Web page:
Out-of-state students may face issues when voting in N.C. elections.

In an attempt to prevent voter fraud, North Carolina passed a bill that requires people to bring a government-issued photo identification to the polls. College identification card's and out-of-state driver's licenses will not be accepted as valid forms of identification. Unlike previous elections, the new bill restricts out-of-state students from the right to participate in N.C.elections. However, there is one option available for out-of-state students who choose to vote in North Carolina. Starting January 1, students can register for a no-fee voter identification at any North Carolina Department of Motor Vehicles location.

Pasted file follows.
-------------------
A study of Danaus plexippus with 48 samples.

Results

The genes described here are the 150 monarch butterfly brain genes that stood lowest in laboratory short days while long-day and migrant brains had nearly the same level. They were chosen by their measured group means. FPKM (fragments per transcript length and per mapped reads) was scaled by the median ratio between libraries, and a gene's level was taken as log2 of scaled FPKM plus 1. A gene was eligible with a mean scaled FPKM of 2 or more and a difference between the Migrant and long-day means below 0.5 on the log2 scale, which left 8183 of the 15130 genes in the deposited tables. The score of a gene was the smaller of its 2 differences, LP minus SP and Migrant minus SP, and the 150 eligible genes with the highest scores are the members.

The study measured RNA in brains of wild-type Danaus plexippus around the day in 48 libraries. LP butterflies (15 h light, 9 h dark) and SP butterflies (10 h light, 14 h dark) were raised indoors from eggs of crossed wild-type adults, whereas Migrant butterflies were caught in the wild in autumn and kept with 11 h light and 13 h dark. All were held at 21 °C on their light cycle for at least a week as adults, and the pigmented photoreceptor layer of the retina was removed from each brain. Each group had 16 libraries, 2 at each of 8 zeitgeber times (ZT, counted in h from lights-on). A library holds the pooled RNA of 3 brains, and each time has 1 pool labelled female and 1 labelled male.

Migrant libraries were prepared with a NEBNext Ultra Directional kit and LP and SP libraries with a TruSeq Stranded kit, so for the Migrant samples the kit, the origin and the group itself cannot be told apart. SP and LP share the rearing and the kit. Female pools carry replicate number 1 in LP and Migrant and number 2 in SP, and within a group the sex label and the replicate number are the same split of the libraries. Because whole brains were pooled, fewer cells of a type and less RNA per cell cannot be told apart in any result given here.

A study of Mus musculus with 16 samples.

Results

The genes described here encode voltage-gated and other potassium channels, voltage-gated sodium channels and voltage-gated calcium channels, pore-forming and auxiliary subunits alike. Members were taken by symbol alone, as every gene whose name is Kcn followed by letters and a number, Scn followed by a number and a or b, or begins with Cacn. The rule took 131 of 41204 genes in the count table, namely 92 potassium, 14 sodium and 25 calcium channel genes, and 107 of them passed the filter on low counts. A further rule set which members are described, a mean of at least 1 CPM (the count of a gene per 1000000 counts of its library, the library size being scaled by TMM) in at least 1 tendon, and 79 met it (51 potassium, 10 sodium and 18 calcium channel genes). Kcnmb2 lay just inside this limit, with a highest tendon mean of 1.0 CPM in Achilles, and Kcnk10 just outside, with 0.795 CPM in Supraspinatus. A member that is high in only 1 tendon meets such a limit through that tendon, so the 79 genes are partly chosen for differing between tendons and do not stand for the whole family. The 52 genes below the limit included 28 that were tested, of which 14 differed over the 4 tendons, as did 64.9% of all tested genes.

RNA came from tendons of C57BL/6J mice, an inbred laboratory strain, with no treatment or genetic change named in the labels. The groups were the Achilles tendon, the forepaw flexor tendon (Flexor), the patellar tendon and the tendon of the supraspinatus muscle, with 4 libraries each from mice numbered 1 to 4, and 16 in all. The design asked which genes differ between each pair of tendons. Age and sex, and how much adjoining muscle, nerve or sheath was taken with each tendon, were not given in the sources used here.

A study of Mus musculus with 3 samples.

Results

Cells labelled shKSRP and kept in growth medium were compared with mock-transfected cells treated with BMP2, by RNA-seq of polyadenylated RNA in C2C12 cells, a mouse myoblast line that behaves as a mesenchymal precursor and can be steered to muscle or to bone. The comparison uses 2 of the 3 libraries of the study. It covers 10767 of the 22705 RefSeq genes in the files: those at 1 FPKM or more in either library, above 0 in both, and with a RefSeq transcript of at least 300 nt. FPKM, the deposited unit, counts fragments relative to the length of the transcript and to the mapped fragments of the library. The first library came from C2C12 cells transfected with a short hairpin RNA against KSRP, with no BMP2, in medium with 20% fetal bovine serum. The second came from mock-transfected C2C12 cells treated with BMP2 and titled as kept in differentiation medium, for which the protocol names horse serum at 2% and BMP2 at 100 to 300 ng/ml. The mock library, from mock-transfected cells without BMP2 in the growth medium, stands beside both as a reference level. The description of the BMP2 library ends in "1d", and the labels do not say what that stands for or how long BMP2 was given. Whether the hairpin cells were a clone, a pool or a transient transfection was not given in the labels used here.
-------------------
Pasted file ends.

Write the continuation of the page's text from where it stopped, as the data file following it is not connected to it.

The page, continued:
"We know that when college students start voting in college, they're more likely to continue voting throughout the rest of their lives. The worry is that anything you do to make that harder, could lead to loss in civic engagement throughout the United States population," Director of the Elon Poll, Dr. Jason Husser said.

Some people think that the law will work as a preventative measure, by only allowing people who truly care about the outcome of N.C. elections, the right to vote.

"It's a valid way to say if your passionate enough, you can get a North Carolina I.D.," Senior Patrick Brown said.

In addition to requiring a photo identification, the law ends same-day voter registration, reduces the early voting period and stops pre-registration for 16- and 17-year-olds. These changes will not go into effect until 2016.